What is Magnesium Alloy? And why was it aboard the doomed aircraft in the first place? We did some digging and this is what we found.
There is a widespread belief that a serious safety concern exists with the use of magnesium over its extreme flammability.
Magnesium burns when exposed to high temperature, and therefore poses a major fire risk. However, there have been no cases of aircraft accidents caused by the “ignition of magnesium,” however, once ignited by an external source, dramatically complicated search and rescue efforts by first responder responding to the crash.
The main reason why magnesium is used “sparingly” in modern aircraft, typically less than 1% of the structural mass of large passenger aircraft, is poor corrosion resistance.
Magnesium was originally used in aircraft during the 1940s and for the next thirty years was a common structural material. Magnesium passed through a boom period between the 1950s and early 1970s when military and civilian aircraft were built using hundreds of kilograms of the material. Magnesium was used extensively in airframes, aviation instruments and low-temperature engine components for aircraft, especially fighters and military helicopters, and semi-structural parts for spacecraft and missiles. Since the 1970s, however, the use of magnesium has declined owing to high cost, poor corrosion resistance and other factors, and it is now rarely used in aircraft, spacecraft and missiles, reports ScienceDirect.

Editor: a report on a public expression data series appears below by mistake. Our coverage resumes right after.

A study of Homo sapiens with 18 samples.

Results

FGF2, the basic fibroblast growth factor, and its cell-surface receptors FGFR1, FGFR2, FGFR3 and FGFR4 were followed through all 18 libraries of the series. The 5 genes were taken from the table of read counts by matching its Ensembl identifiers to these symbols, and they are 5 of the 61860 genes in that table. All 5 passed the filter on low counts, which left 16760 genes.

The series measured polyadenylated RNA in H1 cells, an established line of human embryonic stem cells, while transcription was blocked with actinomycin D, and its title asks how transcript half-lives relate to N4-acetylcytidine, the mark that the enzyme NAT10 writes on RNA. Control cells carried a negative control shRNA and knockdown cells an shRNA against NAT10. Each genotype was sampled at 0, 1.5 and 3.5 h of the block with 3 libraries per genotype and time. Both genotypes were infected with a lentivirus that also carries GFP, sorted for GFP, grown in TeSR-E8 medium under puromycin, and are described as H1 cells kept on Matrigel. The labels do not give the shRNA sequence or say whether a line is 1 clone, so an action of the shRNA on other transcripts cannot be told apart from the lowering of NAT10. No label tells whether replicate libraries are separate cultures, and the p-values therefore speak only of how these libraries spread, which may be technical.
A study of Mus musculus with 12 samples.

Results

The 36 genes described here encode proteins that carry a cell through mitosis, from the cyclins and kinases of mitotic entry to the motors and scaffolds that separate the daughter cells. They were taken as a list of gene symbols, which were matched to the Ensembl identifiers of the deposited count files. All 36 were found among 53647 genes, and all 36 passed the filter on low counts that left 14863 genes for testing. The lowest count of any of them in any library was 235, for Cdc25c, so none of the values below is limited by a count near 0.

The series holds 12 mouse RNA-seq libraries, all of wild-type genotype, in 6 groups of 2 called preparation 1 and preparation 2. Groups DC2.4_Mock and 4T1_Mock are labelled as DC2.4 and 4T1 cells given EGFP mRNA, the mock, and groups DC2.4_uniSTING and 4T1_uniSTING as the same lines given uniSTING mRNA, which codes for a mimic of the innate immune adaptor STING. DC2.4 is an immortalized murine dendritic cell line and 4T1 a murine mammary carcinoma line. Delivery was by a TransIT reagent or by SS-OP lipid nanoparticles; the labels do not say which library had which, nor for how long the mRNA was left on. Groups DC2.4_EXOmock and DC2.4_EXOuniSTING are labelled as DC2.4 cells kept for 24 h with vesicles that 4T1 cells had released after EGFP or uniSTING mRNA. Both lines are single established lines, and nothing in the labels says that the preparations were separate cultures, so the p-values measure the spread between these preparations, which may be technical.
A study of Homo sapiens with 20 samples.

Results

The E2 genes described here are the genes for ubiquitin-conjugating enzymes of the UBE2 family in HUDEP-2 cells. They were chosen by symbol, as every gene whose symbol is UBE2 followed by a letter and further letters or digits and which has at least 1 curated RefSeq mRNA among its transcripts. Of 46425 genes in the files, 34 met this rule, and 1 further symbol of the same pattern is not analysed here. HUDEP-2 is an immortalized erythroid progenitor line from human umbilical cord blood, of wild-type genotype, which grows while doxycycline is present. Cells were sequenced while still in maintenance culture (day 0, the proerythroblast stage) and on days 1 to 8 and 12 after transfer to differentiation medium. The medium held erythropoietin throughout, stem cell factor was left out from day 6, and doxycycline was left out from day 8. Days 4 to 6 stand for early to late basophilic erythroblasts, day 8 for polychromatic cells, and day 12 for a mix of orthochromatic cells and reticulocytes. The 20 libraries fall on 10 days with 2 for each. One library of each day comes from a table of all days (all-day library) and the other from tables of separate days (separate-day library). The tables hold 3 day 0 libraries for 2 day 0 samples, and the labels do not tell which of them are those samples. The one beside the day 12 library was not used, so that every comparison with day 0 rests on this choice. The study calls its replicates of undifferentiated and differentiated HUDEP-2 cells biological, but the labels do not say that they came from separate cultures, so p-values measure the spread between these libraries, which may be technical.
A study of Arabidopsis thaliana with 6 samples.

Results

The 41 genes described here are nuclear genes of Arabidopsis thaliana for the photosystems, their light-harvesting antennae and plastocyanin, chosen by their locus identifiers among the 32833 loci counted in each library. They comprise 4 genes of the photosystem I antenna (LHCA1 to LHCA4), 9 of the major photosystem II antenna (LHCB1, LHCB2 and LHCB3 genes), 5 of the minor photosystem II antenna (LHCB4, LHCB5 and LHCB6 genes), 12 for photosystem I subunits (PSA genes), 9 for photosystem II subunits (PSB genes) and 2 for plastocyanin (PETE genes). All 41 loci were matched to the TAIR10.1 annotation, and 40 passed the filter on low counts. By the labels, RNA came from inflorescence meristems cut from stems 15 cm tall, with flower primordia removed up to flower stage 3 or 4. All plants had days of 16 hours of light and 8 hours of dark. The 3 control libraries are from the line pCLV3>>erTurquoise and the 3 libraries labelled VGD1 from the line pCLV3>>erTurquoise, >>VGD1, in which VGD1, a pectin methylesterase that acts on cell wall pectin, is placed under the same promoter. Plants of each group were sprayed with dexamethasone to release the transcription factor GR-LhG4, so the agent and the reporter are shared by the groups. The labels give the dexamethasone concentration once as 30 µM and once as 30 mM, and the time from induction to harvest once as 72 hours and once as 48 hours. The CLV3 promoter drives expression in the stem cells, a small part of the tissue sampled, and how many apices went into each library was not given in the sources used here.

The use of magnesium alloys is now largely confined to engine parts, and common applications are gearboxes and gearbox housings for aircraft and the main transmission housing for helicopters (Fig. 10.1). Magnesium has good damping capacity and therefore is often the material of choice in harsh vibration environments, such as helicopter gearboxes.